As my About Me section suggests, I am familiar with both Policy and public debate. I'd like to evaluate rounds here as closely to how I would for a policy round, but a different format requires some adjustments. Hopefully, I can outline a standard such that this form of debate retains all of the educational value of policy debate while increasing its accessibility.
Firstly, I recommend that you avoid speed reading (Spreading). This site's goal is to bring debate to new audiences by allowing ordinary people to understand them. If you are a good debater, you will be able to have a deep debate within these time and speed constraints. Use it as a last resort, or when your opponent is spreading, and your speaker points will go up.
Similarly, you must avoid debate jargon such as link, perm, etc. This should do nothing but make you think more about what these terms actually mean. Again, there's no brightline to this, but for the sake of this site's success, please explain your arguments as you would to someone who has never done debate. This will make you more successful with the lay judges you might run into anyway.
This format in no way excludes the kritik. Please run Ks. Of course, you need to go into more depth with them to convince the average person. Speeches that sound like they were created by the The Postmodernism Generator are not appealing to me; ones that challenge the foundations upon which the proposition rests and outweighs or even turns case are. The alternative debate is a bit trickier here. It's too early for me to say that alts should be disallowed, but if you run them, you certainly should explain the real world implications of your alternative and defend some level of spill-over. Discourse Ks are probably better here because they link directly to the offender's speech act and can easily supersede the debate itself. You will have to debate out whether or not discourse shapes reality and whether it is a voter. I am not deep into philosophical literature, but I have a shallow understanding of many authors (Ex. Foucault writes about invisible power structures), and that should be enough of a base for you to build on if you explain your K properly.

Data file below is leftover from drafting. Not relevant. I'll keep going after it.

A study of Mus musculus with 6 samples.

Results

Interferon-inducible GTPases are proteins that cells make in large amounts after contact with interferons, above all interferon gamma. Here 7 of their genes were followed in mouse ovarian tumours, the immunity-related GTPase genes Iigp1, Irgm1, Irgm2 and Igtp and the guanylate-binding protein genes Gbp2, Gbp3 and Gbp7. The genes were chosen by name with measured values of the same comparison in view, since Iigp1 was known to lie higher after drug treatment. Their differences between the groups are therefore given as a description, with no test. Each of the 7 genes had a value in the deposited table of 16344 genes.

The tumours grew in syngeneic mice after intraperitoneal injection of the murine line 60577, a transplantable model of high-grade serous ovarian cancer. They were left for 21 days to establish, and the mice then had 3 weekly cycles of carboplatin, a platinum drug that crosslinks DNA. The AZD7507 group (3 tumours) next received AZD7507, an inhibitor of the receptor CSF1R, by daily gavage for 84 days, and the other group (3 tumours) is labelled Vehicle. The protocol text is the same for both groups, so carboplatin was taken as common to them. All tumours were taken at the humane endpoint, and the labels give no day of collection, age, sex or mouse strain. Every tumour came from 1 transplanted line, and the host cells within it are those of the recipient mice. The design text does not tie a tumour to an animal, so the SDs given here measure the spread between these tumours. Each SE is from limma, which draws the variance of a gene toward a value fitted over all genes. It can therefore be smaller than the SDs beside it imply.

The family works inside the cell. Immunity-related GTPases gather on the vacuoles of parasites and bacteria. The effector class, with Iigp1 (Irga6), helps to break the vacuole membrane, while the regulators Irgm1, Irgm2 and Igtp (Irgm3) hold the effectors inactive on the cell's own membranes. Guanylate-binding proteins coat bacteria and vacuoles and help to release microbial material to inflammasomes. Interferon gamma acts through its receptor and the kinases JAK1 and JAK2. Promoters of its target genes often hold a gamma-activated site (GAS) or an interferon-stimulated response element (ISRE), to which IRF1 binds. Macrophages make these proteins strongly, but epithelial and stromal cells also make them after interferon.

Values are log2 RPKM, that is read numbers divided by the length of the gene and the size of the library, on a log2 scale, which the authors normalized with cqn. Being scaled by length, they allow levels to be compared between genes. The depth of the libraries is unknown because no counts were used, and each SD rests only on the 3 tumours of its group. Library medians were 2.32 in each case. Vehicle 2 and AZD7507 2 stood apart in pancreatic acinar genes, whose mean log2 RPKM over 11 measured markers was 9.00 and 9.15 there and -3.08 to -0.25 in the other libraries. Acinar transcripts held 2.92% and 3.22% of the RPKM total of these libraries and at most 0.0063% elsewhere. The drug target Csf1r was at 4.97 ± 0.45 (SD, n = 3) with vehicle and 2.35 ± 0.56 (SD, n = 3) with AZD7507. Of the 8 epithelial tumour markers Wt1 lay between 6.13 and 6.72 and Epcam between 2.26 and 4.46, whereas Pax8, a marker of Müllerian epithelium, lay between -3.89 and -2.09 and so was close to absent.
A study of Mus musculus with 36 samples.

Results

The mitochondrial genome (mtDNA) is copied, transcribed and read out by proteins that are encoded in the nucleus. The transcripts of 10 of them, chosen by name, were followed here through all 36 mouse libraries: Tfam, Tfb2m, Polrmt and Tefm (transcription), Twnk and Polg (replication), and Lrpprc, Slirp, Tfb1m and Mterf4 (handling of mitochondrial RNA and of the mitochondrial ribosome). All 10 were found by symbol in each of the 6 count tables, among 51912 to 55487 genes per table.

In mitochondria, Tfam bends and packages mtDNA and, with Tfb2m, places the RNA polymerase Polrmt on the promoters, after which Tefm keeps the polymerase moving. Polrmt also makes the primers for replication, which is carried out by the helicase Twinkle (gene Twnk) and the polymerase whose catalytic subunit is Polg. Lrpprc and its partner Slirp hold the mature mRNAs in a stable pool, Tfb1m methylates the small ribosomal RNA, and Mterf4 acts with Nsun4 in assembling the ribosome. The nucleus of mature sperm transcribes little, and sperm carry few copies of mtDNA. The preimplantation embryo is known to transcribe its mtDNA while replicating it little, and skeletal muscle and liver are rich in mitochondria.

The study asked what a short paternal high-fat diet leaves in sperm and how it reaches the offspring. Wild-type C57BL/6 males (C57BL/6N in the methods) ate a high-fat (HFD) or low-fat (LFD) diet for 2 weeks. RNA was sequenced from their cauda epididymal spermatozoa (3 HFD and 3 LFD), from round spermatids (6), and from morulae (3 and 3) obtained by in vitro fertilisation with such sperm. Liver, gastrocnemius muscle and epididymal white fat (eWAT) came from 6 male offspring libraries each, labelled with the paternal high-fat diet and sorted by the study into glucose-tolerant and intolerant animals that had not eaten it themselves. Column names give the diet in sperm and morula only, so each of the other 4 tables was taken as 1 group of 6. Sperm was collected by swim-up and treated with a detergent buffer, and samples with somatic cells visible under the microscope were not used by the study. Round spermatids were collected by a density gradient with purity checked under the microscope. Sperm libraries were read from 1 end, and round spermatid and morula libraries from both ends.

Topicality-type arguments function differently here than in policy. The role of the proposition is to affirm the resolution. You can propose a plan to prove the resolution. If your opponent wins that you are not topical, that can be enough for you to lose regardless of the fairness and education lost, though these arguments are still important. As such, an abuse story is not necessarily required. I do not believe this format precludes the reasonability vs. competing interpretations debate, to which I default to competing interpretations.
Framework is a slightly different story. Although I have a much lower threshold to vote for framework in this format, if you are impact turning being topical, my above specification doesn't apply. At that point, framework debaters will have to prove that the proposition's method doesn't solve or turns the criticism, that important information was lost, or that the debate was so unfair that it was impossible for you to engage with them (Unpredictability is almost definitely not enough). I believe that kritikal affirmatives need to defend that the resolution is good in the abstract, but how resolving something else is a necessary prerequisite.
Evidence should be used often. If you do great evidence comparison and analysis, I won't have to read your evidence to determine the truth value for myself. In case this doesn't happen, please use the citations box to include all of evidence you read.
Most rounds end up coming down to impact calculus. Give me a sequencing of impacts. Tell me which have a higher magnitude, probability, timeframe, and chance of solvency.
I will not respect you for pandering to my personal beliefs, but in case you'd like to know, I'm an Anarcho-Fascist.